The Single-Leg Squat as a Screening Tool to Identify Excessive Trunk Lean during Pitching

Plummer HA, Oliver GD, Powers CM, Michener LA. Trunk lean during a single-leg squat is associated with trunk lean during pitching. Int J Sport Phyiscal Ther. 2018;13(1):58-65. doi:10.26603/ijspt20180058.

Background

The baseball pitching motion requires the transfer of energy from the lower body, through the trunk, to the shoulder, and down to the hand before ball release.  The hips and trunk contribute a large portion of the kinetic energy and force required in overhead sports.  Therefore, coordination and control of trunk movement and position is important for optimal pitching mechanics.  Previous studies have identified 10° of contralateral trunk lean as the ideal trunk position to minimize varus moments about the elbow at maximum shoulder external rotation1,2.

Baseball players exhibiting > 10° of contralateral trunk lean could potentially be at risk for shoulder and elbow injury.  Identifying baseball players who exhibit altered trunk control during pitching may help reduce this risk.  The single-leg squat (SLS) has been used as a screening test to assess trunk control during dynamic movement.  However, it is unclear if lateral trunk lean during the SLS is associated with lateral trunk lean during pitching.

Purpose

The purpose of this study was to determine the relationship between lateral trunk lean during the SLS and the amount of trunk lean during pitching and to determine if trunk lean during pitching can be predicted from the SLS.

Study Population

  • Youth baseball players (n=73) with a mean age of 11.4 years
  • Free from injury during the past 6 months

Research Methods

Kinematic data was collected in a laboratory setting while research participants performed the SLS on their lead leg.  The lead leg was selected because weight is transferred to this leg as the pitching motion progresses.  Participants were instructed to place their hands on their hips and squat as low as possible before returning to a full upright position.  The trunk position in the frontal plane at 45° of knee flexion was selected for analysis.  Next, after unlimited time to warm-up, kinematic data were collected during three  two-seam fastball pitches.  Negative lateral trunk lean values indicate lean away from the throwing arm.  The position of maximum shoulder external rotation was the point selected to measure trunk lean towards and away from the throwing arm.  A linear regression was performed to assess the predictive ability of lateral trunk lean during the SLS on lateral trunk lean during pitching.

Key Results

  • A positive correlation between trunk lean during the SLS and trunk lean during pitching was observed (r = 0.53; p<0.001)
  • Mean lateral trunk lean during pitching was -17.1° ± 13.0° (away from the throwing arm) and -5.8° ± 10.4° during the SLS.
  • Lateral trunk lean during the single-leg squat predicted the amount of lateral trunk lean during pitching (R2 = 0.28; p< 0.001).

Study Limitations

  • The results may not be generalized to other age groups or populations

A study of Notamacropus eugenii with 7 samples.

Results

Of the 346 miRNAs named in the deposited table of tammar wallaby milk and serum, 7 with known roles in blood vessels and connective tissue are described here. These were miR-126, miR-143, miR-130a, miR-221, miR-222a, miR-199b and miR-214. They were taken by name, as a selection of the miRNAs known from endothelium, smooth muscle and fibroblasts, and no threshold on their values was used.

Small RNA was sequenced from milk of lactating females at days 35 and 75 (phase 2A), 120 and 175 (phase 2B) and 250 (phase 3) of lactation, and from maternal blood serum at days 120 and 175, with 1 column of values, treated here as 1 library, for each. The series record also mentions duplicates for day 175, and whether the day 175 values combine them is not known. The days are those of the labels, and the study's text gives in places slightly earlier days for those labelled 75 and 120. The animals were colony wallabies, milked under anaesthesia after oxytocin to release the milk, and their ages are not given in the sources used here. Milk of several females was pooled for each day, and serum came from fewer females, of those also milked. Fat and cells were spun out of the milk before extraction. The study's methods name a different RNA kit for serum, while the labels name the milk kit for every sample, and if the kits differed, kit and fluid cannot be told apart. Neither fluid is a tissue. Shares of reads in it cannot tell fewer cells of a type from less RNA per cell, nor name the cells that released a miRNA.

• Strength of individual muscles was not assessed so any explanation of hip or trunk weakness as the cause of trunk lean is purely speculative.
  • Motion analysis equipment and software is not available in most clinical settings. It is unclear if visual assessment would produce similar results.

Practical Implications & Additional Thoughts

Trunk lean during the SLS explained 28% of the variance in trunk lean during pitching.  The moderate correlation between trunk lean during the SLS and pitching motion suggests the SLS may have potential as a clinical screening tool.  Further research would be needed to confirm this hypothesis.

During pitching, contralateral trunk lean functions to position the shoulder in the proper arm slot (position of the shoulder relative to the trunk).  Contralateral trunk lean increases from foot contact to maximum shoulder external rotation. This phase of the pitching motion represents the late cocking phase.  Solomito et al.2 showed for every 10° increase in trunk lean there was an increase in elbow varus moment of 3.7 Nm and a 2.5 Nm increase in glenohumeral internal rotation moment.

The SLS has potential to help identify youth baseball pitchers with excessive trunk lean during pitching which may lead to elbow or shoulder injury.  However, there are many unanswered questions related to how the SLS can be employed clinically to identify risk in youth baseball players.   The next step is to track injuries during the season and examine the relationship between SLS performance and upper extremity injury.

Intervention programs targeting neuromuscular control and strength of the hip and core musculature could potentially improve SLS performance and trunk lean during pitching.  However, this has not been specifically investigated.  Such programs would likely involve training motor control, muscular strength and endurance.  In such programs, single –leg and split stance positions should be used with a particular emphasis on pelvis and trunk control.  Once these physical attributes are enhanced it is imperative that pitchers work with coaches to ensure carryover to proper pitching mechanics.

References

  1. Oyama S, Yu B, Blackburn JT, Padua DA, Li L, Myers JB. Effect of excessive contralateral trunk tilt on pitching biomechanics and performance in high school baseball pitchers. Am J Sports Med. 2013;41(10):2430-2438. doi:10.1177/0363546513496547.
  2. Solomito MJ, Garibay EJ, Woods JR, Nissen CW. Lateral trunk lean in pitchers affects both ball velocity and upper extremity joint moments. Am J Sports Med. 2015;43(5):1235-1240. doi:10.1177/0363546515574060.